So you have this new beau/belle, and it’s been going great for the last couple of months or so, but lately you’ve been noticing it’s just … different. Whether it’s them who doesn’t seem to be into it as much, or maybe you, for reasons you can’t explain, your sex life is slowing down. Are you just not into each other? Did they find someone else?
This situation is all too common. While it’s very possible that time has revealed that you might be incompatible, or that a new and more exciting partner is clouding one of your minds, it’s also possible that you are experiencing desire discrepancy.
Although people in a relationship are separate individuals with distinct sexual appetites, the fact is that it takes two to tango. After a while, sex can become somewhat of a routine: same place, same time, same positions.
The novelty and excitement of a new relationship often masks imbalances in sex drives. When the relationship settles down, desire discrepancy (also known as “libido imbalance”) may become apparent and cause tension and frustration in a relationship. Many sex therapists say it’s the problem they actually encounter most frequently in their work!
Besides seeking professional therapy, here are a few strategies you can try that may prevent such an imbalance from eroding your relationship(s):
• Talk about the imbalance: Are you actually experiencing regular desire discrepancy, or are you just poorly communicating how stressed you are about that midterm this week?
• Communicate about what increases desire for sex: Maybe you’re both super stressed with school work, but this can affect you and your partner (s) differently. You might want sex more to deal with the stress, but your partner (s) might want it less to focus on their work. Talk about any unfulfilled needs to try and increase this desire, such as new positions, massages, non-sexual intimate contact or some quality alone time.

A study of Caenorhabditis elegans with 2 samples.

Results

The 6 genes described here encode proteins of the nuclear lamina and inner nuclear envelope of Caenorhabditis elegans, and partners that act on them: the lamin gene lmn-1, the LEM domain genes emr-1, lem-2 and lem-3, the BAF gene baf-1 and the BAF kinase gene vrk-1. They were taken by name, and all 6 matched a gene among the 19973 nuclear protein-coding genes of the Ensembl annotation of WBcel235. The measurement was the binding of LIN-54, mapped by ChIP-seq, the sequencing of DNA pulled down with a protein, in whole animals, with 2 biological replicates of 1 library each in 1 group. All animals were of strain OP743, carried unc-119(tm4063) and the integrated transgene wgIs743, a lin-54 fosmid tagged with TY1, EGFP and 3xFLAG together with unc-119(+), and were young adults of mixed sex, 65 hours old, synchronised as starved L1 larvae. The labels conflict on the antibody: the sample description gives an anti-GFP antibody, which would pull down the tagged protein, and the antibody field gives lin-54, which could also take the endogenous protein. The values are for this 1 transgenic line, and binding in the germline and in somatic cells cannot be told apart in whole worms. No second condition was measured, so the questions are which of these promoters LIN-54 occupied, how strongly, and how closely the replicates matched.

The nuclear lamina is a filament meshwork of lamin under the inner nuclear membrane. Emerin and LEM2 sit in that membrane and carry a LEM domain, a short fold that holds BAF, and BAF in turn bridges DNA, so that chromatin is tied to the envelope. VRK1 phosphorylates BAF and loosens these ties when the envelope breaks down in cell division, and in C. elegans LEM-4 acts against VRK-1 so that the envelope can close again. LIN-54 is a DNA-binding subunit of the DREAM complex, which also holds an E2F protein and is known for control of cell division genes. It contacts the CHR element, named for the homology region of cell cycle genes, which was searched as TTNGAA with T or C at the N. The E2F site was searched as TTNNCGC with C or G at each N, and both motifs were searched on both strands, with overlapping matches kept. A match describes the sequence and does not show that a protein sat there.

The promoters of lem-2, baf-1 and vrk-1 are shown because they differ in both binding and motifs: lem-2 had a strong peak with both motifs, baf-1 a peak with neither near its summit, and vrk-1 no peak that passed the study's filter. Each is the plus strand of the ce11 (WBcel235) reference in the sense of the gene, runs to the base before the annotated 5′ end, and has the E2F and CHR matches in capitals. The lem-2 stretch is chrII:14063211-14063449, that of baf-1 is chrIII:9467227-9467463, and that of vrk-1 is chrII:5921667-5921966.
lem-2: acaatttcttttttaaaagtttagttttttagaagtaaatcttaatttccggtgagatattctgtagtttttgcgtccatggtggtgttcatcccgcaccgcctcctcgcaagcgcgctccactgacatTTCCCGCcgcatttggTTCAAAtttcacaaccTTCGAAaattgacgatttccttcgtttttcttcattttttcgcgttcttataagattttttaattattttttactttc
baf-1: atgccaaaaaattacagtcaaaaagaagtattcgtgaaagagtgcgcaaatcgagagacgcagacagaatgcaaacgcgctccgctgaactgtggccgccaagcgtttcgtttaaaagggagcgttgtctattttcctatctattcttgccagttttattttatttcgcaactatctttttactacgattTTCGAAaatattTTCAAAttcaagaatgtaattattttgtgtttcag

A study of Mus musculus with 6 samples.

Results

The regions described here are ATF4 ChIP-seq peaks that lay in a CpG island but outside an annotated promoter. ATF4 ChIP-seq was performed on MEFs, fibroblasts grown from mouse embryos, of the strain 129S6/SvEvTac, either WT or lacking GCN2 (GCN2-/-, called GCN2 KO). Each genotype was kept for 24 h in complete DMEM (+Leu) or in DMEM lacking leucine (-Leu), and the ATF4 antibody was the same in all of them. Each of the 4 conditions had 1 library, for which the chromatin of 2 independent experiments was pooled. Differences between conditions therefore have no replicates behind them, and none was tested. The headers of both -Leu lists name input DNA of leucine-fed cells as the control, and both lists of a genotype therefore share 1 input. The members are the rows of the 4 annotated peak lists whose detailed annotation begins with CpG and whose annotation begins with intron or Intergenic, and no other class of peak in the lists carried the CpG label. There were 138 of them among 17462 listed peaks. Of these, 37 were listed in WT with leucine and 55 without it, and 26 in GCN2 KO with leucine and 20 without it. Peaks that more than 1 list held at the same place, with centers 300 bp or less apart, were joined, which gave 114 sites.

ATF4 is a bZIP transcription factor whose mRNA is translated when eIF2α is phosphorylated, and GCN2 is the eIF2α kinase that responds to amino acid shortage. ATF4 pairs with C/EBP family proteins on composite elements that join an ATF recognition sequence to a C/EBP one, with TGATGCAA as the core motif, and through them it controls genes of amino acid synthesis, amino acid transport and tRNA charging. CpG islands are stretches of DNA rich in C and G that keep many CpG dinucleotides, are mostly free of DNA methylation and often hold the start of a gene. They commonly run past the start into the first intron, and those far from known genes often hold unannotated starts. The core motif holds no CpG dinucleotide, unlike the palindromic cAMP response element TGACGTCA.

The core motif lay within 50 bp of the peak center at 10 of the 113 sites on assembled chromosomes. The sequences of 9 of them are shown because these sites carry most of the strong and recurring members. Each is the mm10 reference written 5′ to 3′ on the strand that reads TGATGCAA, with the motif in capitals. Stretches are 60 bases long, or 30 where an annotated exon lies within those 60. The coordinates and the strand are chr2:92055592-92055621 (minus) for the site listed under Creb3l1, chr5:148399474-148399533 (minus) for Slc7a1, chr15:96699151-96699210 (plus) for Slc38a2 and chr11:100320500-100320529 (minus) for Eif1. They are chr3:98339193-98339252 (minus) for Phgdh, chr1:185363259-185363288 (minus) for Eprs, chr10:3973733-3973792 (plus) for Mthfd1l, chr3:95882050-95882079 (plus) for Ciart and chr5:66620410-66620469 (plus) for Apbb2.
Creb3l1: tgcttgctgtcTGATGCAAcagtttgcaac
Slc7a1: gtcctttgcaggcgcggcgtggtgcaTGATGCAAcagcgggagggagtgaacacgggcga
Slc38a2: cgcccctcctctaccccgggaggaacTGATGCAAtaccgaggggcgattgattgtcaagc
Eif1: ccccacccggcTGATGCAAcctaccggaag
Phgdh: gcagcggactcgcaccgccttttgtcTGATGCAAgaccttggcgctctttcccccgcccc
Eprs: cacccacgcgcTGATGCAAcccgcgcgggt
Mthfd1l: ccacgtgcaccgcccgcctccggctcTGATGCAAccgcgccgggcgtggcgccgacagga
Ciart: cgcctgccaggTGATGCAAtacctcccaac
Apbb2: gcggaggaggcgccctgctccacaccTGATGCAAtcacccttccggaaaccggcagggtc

• Invite masturbation into your sex lives: This can serve as a “valve” that equalizes sexual pressure between partners with different sex drives, allowing the partner with a higher libido to relieve some of their sexual needs. The person with the lower sex drive may also find that personal exploration can help them discover new desires that their partner can fulfill to increase their level of desire.
• Understand individual boundaries: It’s understandable that everyone enters relationships with pre-conceived notions about what “sex” will entail. However, when this sex involves a partner, it must be negotiated to meet both persons’ desires in a respectful and fully consenting way.
• Don’t blame the other for their desire: Realize that the partner who wants more sex or less sex isn’t abnormal or “wrong”. A person who wants sex less often isn’t “frigid” and a person who wants sex more often isn’t a “nympho”.
Overall, it’s important not to make assumptions about your partner(s). Desire discrepancy can, understandably, cause considerable anxiety about one’s desirability and the future of the relationship. If you don’t discuss it, you may be missing out on an opportunity not just to repair your relationship, but to have an even better, more fulfilling sex life.
This blog is being run in conjunction with the Sexual Health Resource Centre, located in theJDUC, room 223. Follow them on Twitter @shrckingston.